With winter well on its way, everyone is putting on their sweaters and fleecy pants while planning their Netflix lineup for the next four months. If you enjoy running, don’t write off taking it outdoors in the winter. Yes, I know it’s cold, especially with that windchill, but that’s nothing the right gear can’t fix!
I used to think people were crazy for running, period. Who would want to do such a monotonous task? How could that be fun? Well, I fell in love with running outdoors since I love being in nature and I would try just about anything to make that happen. To give yourself incentive, pick a park to go running in to start out and you’ll see what I mean. You can pick a paved path or a trail – my favourite!
In this article, I’ll give you some of my tried-and-true tips and tricks to help you enjoy your time in nature during the chilly months.
The Right Gear for the Activity
This is the most important part of being outside in the winter – layers! You can always take them off if you’re warm, but if you are too cold you could risk frost nip, frost bite, or even hyperthermia. The first layer that you need is a thin base layer. This is the innermost layer that should be tight to your skin and composed of either wool or polypropylene to wick moisture away from the body to keep you warm and dry (Stanton, 2010).
The middle layer is an insulating layer and should be what keeps you warm. I don’t recommend down-filled here as it can cause you to sweat more and the feathers will hold a lot of moisture which not only will weigh you down, but also can make you cold. A fleece or thicker wool layer is good here, and you want it to be a little bit loose, so the warm air has a cavity to get trapped in.
Finally, the outer layer is a shell that helps keep the wind and snow out. This should be a waterproof yet breathable layer (Kerr, LaValla, & Smith, 2019). You don’t want to be wearing a sweat suit as any wetness risks you getting cold quick. Sometimes you can find shells with zippers under the arms which are fantastic for ventilation when you’re starting to get too warm. If it’s closer to -25°C outside, a puffy vest can be beneficial, not only for keeping you warm, but also for using the inner pocket to keep your phone from getting too cold so you don’t lose your tunes mid-run!
Your legs don’t tend to get too cold when you’re running since they are the powerhouse to your run, so you don’t need to go too crazy with layering there. I usually wear brushed or fleece lined leggings to keep the bite from the wind off, and when it’s really cold, you can add a wool base layer underneath.
Protecting the extremities are also very important in those cold temperatures. Fleece-lined gloves with tech-friendly fingertips or fingerless gloves are great at keeping the cold off your hands. I haven’t found the need to buy special winter running shoes as long as you stick to the snow-covered areas of the sidewalk, you’re less likely to encounter a slip. I personally always wear merino wool socks so if you get too warm and sweat, they will still keep you warm.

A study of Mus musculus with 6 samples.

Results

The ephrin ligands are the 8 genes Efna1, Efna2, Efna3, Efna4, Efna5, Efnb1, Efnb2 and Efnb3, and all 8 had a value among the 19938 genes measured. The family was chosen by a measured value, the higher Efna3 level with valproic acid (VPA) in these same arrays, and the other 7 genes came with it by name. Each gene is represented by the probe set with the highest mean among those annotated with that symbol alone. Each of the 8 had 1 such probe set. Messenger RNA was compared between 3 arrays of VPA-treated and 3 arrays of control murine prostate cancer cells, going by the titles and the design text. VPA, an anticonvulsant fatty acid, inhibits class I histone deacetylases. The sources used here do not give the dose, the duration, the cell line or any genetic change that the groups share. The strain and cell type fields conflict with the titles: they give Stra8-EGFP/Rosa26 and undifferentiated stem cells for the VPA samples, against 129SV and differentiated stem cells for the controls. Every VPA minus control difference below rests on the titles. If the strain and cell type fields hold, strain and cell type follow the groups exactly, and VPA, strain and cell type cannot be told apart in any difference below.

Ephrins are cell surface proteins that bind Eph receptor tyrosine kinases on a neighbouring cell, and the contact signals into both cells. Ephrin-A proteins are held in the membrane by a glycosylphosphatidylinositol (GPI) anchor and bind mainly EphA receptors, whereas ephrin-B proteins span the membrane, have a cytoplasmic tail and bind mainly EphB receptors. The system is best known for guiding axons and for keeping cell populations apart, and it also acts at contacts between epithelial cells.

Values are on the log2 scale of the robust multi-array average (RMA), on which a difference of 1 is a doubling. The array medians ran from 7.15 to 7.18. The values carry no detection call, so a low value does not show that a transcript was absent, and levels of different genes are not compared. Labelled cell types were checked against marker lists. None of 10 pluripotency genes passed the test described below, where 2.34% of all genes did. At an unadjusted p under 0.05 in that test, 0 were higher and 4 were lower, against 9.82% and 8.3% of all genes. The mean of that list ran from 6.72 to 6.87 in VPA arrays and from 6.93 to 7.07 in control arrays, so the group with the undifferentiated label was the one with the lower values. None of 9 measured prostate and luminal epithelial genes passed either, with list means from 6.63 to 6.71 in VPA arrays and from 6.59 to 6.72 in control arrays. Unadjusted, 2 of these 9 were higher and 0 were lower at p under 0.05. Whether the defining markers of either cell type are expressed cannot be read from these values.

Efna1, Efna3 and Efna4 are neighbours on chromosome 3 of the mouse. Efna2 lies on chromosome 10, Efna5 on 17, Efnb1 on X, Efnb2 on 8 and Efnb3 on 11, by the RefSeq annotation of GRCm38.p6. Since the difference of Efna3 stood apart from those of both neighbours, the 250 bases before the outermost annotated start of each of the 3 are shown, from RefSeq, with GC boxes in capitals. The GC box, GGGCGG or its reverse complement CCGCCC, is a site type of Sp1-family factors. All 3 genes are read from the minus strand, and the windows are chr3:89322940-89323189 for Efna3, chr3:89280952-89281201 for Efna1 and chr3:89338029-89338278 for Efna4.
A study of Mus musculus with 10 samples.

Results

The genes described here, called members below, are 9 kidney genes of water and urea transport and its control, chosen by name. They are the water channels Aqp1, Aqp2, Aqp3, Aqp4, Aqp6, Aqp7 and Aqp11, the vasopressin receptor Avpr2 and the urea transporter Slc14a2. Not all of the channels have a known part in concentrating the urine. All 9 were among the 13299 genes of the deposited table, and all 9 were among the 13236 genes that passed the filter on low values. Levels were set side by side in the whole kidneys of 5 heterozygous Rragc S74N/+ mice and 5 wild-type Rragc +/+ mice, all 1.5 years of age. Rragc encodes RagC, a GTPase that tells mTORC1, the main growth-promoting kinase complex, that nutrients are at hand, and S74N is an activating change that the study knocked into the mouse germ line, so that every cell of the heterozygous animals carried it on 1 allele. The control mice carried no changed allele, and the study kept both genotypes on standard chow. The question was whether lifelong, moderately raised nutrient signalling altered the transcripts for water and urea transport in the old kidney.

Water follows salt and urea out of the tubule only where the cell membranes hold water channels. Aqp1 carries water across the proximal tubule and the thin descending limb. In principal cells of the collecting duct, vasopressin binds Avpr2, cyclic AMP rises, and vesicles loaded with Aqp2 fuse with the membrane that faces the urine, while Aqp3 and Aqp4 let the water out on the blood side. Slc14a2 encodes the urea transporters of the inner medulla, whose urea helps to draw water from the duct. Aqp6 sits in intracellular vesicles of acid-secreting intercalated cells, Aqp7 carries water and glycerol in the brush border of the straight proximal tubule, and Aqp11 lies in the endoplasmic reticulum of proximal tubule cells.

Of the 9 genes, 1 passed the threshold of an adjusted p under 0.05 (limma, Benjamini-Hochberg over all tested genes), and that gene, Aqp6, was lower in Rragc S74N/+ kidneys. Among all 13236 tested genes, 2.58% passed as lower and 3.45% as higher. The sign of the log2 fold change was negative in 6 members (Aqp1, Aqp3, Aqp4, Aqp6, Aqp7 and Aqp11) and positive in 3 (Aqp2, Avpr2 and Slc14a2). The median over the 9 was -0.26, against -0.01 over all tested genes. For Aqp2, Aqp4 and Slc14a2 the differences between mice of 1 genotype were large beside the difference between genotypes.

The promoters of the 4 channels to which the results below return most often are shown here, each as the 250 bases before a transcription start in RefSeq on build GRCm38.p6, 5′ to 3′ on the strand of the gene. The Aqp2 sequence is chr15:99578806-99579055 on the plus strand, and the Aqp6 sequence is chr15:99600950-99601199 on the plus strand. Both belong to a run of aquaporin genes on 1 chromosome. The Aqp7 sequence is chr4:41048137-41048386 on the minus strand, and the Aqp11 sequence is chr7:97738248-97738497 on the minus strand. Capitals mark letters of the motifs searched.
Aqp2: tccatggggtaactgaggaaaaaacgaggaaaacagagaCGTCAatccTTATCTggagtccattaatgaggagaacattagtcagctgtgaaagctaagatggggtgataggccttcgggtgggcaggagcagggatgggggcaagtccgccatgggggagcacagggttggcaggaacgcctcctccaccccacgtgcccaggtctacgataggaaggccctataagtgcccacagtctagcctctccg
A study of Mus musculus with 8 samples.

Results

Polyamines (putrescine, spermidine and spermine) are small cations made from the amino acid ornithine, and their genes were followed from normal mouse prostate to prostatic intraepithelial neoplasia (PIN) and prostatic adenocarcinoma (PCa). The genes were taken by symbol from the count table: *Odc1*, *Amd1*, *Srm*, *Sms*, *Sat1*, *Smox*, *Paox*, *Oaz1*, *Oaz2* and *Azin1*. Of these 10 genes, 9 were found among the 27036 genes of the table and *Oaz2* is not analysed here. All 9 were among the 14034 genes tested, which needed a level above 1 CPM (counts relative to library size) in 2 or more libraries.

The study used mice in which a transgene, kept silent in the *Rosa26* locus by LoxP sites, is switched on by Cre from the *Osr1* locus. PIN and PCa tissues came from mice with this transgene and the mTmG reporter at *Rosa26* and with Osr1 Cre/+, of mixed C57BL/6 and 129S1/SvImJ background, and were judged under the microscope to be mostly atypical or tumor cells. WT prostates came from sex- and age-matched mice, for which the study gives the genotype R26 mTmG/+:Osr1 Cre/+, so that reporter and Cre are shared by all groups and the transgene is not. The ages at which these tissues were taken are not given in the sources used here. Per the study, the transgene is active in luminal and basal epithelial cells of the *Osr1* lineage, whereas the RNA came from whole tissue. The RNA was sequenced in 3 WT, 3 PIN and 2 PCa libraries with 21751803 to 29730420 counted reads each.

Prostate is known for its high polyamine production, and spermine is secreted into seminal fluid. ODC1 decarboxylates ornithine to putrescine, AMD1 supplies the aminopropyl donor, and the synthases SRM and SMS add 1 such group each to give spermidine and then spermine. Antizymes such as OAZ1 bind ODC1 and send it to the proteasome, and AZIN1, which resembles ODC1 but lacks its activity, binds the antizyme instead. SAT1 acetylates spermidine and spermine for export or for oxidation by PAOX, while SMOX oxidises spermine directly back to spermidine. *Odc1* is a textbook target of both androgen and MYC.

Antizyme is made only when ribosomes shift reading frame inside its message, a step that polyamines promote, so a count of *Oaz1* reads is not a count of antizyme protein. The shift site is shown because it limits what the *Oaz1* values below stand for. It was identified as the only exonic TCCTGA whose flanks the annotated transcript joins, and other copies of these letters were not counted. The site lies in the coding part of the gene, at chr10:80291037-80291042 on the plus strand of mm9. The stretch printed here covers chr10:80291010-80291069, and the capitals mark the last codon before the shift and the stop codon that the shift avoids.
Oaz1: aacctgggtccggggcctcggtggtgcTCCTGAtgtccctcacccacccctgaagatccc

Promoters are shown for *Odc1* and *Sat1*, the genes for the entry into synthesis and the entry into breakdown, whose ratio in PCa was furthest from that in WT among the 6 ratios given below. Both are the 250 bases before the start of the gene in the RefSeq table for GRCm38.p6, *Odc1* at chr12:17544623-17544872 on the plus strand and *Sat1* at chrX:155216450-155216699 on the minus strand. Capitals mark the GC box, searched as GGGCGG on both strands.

A neck warmer or balaclava can be worn around your neck or pulled up above your nose if your face gets chilly. I usually start my run with my neck warmer up just to keep my face warm at the beginning and you can always pull it down if it’s too warm. A thin toque is more than enough to keep the heat in. If it’s warmer than -15°C, you can usually get away with a fleecy headband or ear warmers.
One thing a lot of people don’t consider in the winter are sunglasses! If it is a sunny day, the snow and ice reflect the sun a lot more than it would mid-summer. I always recommend polarized sunglasses as it cuts down on the glare so you can see better. There are actually some brands out there made for sports so they don’t bounce around on your nose or fall off your face. If it’s a colder day, ski goggles can make a huge difference as any exposed skin can be fair game for frostbite.
Tips for Running Safely Outdoors
Now that we’ve covered the right gear for the job, lets talk about some tips for when you’re thinking about giving winter running a try. First and foremost, planning! A little bit of planning goes a long way. Make sure you plan out your route on a map before you head out and screenshot it on your phone if you have to. Try not to venture too far from home if it’s -30°C or if there’s a bad windchill.
It’s always a good idea to have your phone, your ID, and your keys with you in case you get too cold and need a ride back home. Make sure you let someone know where you are going and for how long so they can keep tabs on you.
It’s best to remove layers as you get comfortable so you don’t become sweaty. Once that wetness is exposed to the wind and cold, it freezes very quickly and even though you’re moving your body, it can’t keep up with the heat loss.
Frostbite is your biggest concern when heading outdoors in the winter. Depending on the windchill, it can happen in just minutes on exposed skin. Listen to your body, if you feel cold and are starting to get numbness or pain on your skin, you could be getting frostbite, or at the very least, frostnip. Don’t be a hero. If it’s too cold out, or a blizzard, just stay inside!
Laura was born and raised in Edmonton, AB and currently lives in Regina, SK with her family. She is in her second year of the Personal Trainer program at NAIT and hopes to help motivate women on their fitness journey. When she isn’t doing schoolwork or looking after her 19-month-old son, she can be found outside enjoying whatever Mother Nature throws at her. You can find Laura on Instagram @prairie_skies.